This is a fictional autobiography written by James Weldon Johnson and it is told from the first-person perspective of an unnamed male narrator. Even though the narrative was written in 1912 it was reissued in 1927 and is considered one of the most distinguished works of the Harlem Renaissance. The struggle that the narrator seems to have with his identity throughout the novel seems to connect best with the idea of double consciousness that we covered in class by W. E. B. Du Bois. This situation is however a bit different given the narrators biracial qualities. His physical characteristics allow him to pass as a white man even though he is actually African American. The novel takes a social stance and shows how the narrator, in order to avoid violent racism and oppression, decides it best to conceal his blackness.
A sentence from someone may mean one thing, but an action can have a million different meanings behind it so which one would you judge a person from? Many people experience fear and are scared to face them, so instead of standing up against it they just decide to be a new person. Their minds are manipulated to not face their anxiety and are frightened about what will happen to them. People think that being fearful of something and to overcome it is a difficult task. People often mistaken their strength to fight their fear and decide to give up. Both stories, “Quicksand” and “The Autobiography of an Ex-Colored Man” share the common theme of how they use fear as an excuse to escape to a new world, they become a different person and get rid of
Racial reconciliation can be defined as the bringing together of different races; or in other words, embracing diversity. The value of it in my life is immeasurable. I have been extremely blessed to grow up in a time and culture where I personally don’t experience much racism; where I am not held back from pursuing my dreams and passions just because of the color of my skin. It is absolutely crazy to think that if I was born sixty or seventy years ago, my life would be completely different just for the sheer fact that I’m Asian.
Slavery was abolished after the Civil War, but the Negro race still was not accepted as equals into American society. To attain a better understanding of the events and struggles faced during this period, one must take a look at its' literature. James Weldon Johnson does an excellent job of vividly depicting an accurate portrait of the adversities faced before the Civil Rights Movement by the black community in his novel “The Autobiography of an Ex-Colored Man.” One does not only read this book, but instead one takes a journey alongside a burdened mulatto man as he struggles to claim one race as his own.
The narrator of The Autobiography grows up his whole life thinking that he is white. It is not until one fateful day in school where a teacher indirectly tells him that he is black that he finds out. This revelation, which he himself describes as “a sword-thrust” (Johnson 13), suggests a transformation, a great change, a development in the Ex-Colored Man’s racial consciousness in the future. However, as M. Giulia Fabi says, “[The ECM’s] proclaimed loyalty to his ‘mother’s people’ is continuously undercut by his admiration for and identification with mainstream white America” (375). She also indicates how when contrasted with previous passers, “the Ex-Colored Man’s oft-noted cowardice,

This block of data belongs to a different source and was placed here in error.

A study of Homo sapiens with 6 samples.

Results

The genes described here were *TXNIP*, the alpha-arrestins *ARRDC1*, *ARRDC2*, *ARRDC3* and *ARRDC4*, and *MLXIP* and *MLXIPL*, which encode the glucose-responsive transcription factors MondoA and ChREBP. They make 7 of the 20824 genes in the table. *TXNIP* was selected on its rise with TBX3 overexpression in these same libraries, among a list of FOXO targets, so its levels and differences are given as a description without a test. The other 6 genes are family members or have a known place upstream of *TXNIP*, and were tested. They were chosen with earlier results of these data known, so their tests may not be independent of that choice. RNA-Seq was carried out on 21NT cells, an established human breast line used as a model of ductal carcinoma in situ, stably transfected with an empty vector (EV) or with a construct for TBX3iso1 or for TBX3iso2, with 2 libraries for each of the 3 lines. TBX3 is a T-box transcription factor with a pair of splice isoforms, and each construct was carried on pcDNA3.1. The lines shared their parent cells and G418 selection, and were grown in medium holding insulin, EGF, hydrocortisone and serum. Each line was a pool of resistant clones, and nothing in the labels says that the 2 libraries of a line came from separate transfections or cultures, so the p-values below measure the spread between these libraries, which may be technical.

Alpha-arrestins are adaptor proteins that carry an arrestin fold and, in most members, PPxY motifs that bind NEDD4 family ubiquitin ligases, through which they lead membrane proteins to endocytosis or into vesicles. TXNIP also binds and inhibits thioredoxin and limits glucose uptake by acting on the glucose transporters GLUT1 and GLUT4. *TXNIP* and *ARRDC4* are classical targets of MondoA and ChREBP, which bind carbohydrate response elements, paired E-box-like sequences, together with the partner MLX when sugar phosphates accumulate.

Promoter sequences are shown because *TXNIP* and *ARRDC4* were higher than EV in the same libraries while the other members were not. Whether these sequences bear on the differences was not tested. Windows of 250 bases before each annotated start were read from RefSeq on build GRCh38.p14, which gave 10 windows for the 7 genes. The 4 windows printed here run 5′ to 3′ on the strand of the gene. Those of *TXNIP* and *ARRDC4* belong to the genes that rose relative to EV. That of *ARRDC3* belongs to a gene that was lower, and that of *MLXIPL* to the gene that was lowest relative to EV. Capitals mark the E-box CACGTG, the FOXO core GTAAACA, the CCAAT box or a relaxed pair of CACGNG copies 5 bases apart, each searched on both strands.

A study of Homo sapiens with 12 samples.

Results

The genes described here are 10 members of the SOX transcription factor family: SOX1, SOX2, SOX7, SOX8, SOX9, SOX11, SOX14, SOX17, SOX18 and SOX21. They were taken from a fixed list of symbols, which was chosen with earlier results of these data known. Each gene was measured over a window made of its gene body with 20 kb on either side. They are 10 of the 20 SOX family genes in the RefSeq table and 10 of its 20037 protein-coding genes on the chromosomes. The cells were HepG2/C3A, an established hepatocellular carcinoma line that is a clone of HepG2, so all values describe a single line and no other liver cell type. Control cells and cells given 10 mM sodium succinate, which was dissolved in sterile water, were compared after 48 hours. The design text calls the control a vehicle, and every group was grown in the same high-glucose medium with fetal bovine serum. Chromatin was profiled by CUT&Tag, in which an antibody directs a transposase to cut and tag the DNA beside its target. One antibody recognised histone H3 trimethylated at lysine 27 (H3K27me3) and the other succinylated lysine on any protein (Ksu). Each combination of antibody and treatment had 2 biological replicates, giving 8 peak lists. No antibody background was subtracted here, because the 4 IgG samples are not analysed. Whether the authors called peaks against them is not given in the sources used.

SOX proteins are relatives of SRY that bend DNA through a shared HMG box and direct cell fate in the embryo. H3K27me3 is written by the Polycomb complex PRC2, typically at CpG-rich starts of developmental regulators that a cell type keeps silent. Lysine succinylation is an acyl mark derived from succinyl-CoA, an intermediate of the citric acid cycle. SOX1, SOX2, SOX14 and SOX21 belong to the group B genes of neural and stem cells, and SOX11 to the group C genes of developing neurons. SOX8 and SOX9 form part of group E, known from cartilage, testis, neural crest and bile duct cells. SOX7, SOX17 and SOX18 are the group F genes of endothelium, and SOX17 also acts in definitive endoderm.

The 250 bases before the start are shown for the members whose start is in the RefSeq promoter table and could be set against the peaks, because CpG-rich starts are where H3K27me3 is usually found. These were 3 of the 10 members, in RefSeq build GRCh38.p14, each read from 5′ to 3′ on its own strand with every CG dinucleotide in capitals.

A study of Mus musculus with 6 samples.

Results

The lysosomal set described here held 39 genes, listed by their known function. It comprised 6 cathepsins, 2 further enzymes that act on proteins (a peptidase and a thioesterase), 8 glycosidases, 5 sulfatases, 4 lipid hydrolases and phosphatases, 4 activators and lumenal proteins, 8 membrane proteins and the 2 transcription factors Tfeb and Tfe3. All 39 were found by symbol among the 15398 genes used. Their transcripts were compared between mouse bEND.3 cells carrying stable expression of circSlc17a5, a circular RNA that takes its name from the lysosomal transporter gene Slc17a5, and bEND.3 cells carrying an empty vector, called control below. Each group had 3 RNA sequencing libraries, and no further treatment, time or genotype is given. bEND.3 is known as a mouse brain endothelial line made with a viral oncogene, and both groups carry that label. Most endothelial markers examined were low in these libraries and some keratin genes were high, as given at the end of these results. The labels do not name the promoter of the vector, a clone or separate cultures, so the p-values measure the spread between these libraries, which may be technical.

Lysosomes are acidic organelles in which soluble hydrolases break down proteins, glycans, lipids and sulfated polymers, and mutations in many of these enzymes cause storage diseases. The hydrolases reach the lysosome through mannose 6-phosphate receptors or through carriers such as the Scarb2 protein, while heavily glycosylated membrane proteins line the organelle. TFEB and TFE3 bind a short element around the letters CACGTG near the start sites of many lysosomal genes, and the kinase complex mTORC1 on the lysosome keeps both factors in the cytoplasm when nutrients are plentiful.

The novel, The Autobiography of an Ex-Coloured Man by James Weldon Johnson shows a story of a man with mixed blood of white and coloured. Throughout the story, the man is conflicted with his heritage, sometimes accepting his coloured heritage and at other times rejecting his coloured heritage and passing himself off as a white man. The main character travels all around the United States and Europe while observing how whites and coloureds behave separately and with each other. The nameless man goes through tough times and prosperous times his whole life and comes out with quite a few revelations.
His older brother found out he was just like him which he wanted him to be nothing like. A drug dealer up to no good.
The main idea of my story, “An autobiography of an ex-colored man”, is about a young man who is mixed between African american and White. He doesn't know that he is mixed until his principle ask all the white children to stand in the middle of class and when he proceeded to stand the principal told him to sit because he was Black. After this dreadful day of discovering that he was part African American, the young boy started to view the world a lot different as he aged. The author uses pathos and ethos to really get the main idea across. The author uses pathos by expressing the feelings of the boy as he was discovering how the world treated African Americans.
He wasn 't happy about that. Already six-foot-four and socially awkward, he was an intimidating figure, and people tended to shunt him from one place to another. He 'd grown frustrated and angry, and later described himself as a "walking time bomb." If only someone had known then how to defuse his rage. Instead, the people around him seemed to ensure that it would grow worse.